Rowan Williams, the Archbishop of Canterbury, mounted a direct attack on the Government over the invasion and occupation of Iraq when he used a national memorial service commemorating the servicemen killed in the conflict to accuse Tony Blair and his ministers of failing to “measure the price” of military action.

By Neil Tweedie – Telegraph

Delivering his address in St Paul’s Cathedral before a congregation including the Queen, Gordon Brown and Mr Blair himself, the spiritual head of the Church of England accused the former prime minister of indulging in rhetoric before the 2003 invasion, while leaving ordinary servicemen and women to pick up the pieces in a campaign which went on to last six years and claim 179 British lives.

”When such conflict appeared on the horizon, there were those among both policy-makers and commentators who were able to talk about it without really measuring the price,” he said. “Perhaps we have learned something – if only that there is a time to keep silence, a time to let go of the satisfyingly overblown language that is so tempting for human beings when war is in the air.”

Mr Blair, who was sitting in the second row with his wife, Cherie, was forced to sit in silence as the Archbishop described the “chaotic, ravaged society” that resulted from the occupation.

He went on: “The moral credibility of any country engaged in war depends a lot less on the rhetoric of politicians and commentators than on the capacity of every serving soldier.

”The invisible enemy may be hiding in the temptation to look for short cuts in the search for justice – letting ends justify means, letting others rather than oneself carry the cost, denying the difficulties or the failures so as to present a good public face.”

Mr Blair, who is hoping for political resurrection in the shape of the presidency of the European Union, left the cathedral in stoney-faced silence, his wife at his side.

More than 2,000 men and women from the Armed Forces attended the service, which followed the formal conclusion of Operation Telic, the name given to the invasion and occupation of Iraq between March 2003 and April of this year. They were joined by relatives of the dead and 12 members of the Royal Family attended, led by the Queen and Duke of Edinburgh and including the Prince of Wales, the Duchess of Cornwall and Prince William. Gordon Brown and his wife Sarah sat next to Jalal Talabani, the president of Iraq.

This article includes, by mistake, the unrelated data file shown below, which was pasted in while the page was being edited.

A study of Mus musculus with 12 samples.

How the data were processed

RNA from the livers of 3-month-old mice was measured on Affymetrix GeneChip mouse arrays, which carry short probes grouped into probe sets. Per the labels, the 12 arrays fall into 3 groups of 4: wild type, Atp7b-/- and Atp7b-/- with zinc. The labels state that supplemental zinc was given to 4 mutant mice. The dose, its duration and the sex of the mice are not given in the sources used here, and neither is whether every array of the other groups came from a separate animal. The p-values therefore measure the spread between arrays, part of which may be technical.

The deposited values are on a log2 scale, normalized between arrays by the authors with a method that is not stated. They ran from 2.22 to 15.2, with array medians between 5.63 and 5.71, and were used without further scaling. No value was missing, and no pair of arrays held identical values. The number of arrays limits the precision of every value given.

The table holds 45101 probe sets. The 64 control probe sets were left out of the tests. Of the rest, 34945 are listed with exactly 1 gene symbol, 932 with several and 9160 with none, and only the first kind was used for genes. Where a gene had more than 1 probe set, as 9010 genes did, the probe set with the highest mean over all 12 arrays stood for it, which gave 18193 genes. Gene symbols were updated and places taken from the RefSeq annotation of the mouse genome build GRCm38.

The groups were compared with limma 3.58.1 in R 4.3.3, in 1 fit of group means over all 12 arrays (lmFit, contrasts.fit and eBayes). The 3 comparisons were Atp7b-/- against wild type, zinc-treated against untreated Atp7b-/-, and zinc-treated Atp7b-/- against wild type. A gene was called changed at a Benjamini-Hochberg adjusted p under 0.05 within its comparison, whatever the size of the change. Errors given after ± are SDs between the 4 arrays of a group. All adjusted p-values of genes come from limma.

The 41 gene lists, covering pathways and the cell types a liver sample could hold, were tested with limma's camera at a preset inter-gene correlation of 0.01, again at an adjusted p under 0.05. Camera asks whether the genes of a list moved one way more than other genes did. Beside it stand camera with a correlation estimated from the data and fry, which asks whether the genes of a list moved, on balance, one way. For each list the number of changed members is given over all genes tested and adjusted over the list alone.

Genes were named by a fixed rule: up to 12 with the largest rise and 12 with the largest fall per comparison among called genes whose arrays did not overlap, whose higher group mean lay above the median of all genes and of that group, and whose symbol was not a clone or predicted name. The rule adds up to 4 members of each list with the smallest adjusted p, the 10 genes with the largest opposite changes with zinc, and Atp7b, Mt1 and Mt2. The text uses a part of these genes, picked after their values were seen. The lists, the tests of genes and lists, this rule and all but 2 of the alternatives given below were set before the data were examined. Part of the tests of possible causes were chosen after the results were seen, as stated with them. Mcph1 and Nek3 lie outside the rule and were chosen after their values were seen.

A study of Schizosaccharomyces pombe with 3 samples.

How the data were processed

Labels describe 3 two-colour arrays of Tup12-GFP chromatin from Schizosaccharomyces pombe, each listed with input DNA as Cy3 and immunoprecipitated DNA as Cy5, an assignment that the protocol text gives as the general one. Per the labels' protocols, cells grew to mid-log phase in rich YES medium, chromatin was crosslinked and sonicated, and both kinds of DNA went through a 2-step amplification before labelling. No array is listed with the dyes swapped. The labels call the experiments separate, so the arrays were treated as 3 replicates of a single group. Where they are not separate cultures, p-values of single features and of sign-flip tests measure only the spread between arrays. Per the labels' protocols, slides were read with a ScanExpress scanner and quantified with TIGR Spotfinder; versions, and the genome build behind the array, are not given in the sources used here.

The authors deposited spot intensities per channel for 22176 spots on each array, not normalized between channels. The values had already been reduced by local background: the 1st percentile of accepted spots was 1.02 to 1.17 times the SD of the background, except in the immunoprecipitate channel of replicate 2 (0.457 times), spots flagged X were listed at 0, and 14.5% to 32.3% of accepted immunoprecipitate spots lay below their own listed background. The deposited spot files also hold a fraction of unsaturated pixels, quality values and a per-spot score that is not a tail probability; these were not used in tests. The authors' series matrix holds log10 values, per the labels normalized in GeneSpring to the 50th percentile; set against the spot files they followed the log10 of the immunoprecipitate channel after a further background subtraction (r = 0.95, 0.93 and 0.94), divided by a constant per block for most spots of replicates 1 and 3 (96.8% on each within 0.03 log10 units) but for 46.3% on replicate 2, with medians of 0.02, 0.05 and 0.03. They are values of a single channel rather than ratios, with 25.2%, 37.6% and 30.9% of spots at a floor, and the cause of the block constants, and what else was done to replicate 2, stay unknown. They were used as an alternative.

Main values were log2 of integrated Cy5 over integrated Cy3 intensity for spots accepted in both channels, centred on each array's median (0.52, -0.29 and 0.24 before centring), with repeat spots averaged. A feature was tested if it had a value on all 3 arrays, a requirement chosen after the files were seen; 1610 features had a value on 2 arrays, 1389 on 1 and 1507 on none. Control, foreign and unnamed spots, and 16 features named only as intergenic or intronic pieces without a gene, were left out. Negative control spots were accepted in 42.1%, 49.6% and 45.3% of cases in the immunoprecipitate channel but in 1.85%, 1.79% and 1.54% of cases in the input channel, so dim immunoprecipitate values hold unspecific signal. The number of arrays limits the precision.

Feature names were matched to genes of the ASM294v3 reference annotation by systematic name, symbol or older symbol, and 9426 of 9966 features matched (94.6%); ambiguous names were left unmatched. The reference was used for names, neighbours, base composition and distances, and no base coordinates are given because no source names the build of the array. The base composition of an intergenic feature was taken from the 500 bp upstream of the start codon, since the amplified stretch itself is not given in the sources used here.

The war in Afghanistan, which has already claimed more British military lives than Iraq, has left the military little time to reflect on the Iraq engagement, one of the most controversial foreign adventures undertaken by a British government since the Second World War.

The Archbishop, who has in the past described the decision-making process leading to the Anglo-American invasion as “flawed”, spared no opportunity to make his point in front of the country’s political, military and diplomatic elite.

”The conflict in Iraq will, for a long time yet, exercise the historians, the moralists, the international experts,” he said.

”In a world as complicated as ours has become, it would be a very rash person who would feel able to say without hesitation, this was absolutely the right or the wrong thing to do, the right or the wrong place to be.”

Sir Jock Stirrup, Chief of the Defence Staff, who attended the service, later conceded: “It’s fair to say a lot of mistakes were made throughout the campaign by the coalition. Some of the planning for the post conflict phase was perhaps not as carefully thought through as it might have been.”

The service will not draw a line under the Iraq conflict. In July, a new inquiry into the war began under the chairmanship of Sir John Chilcot. Gordon Brown was forced to abandon plans for it to sit in camera and not apportion blame to individuals following protests.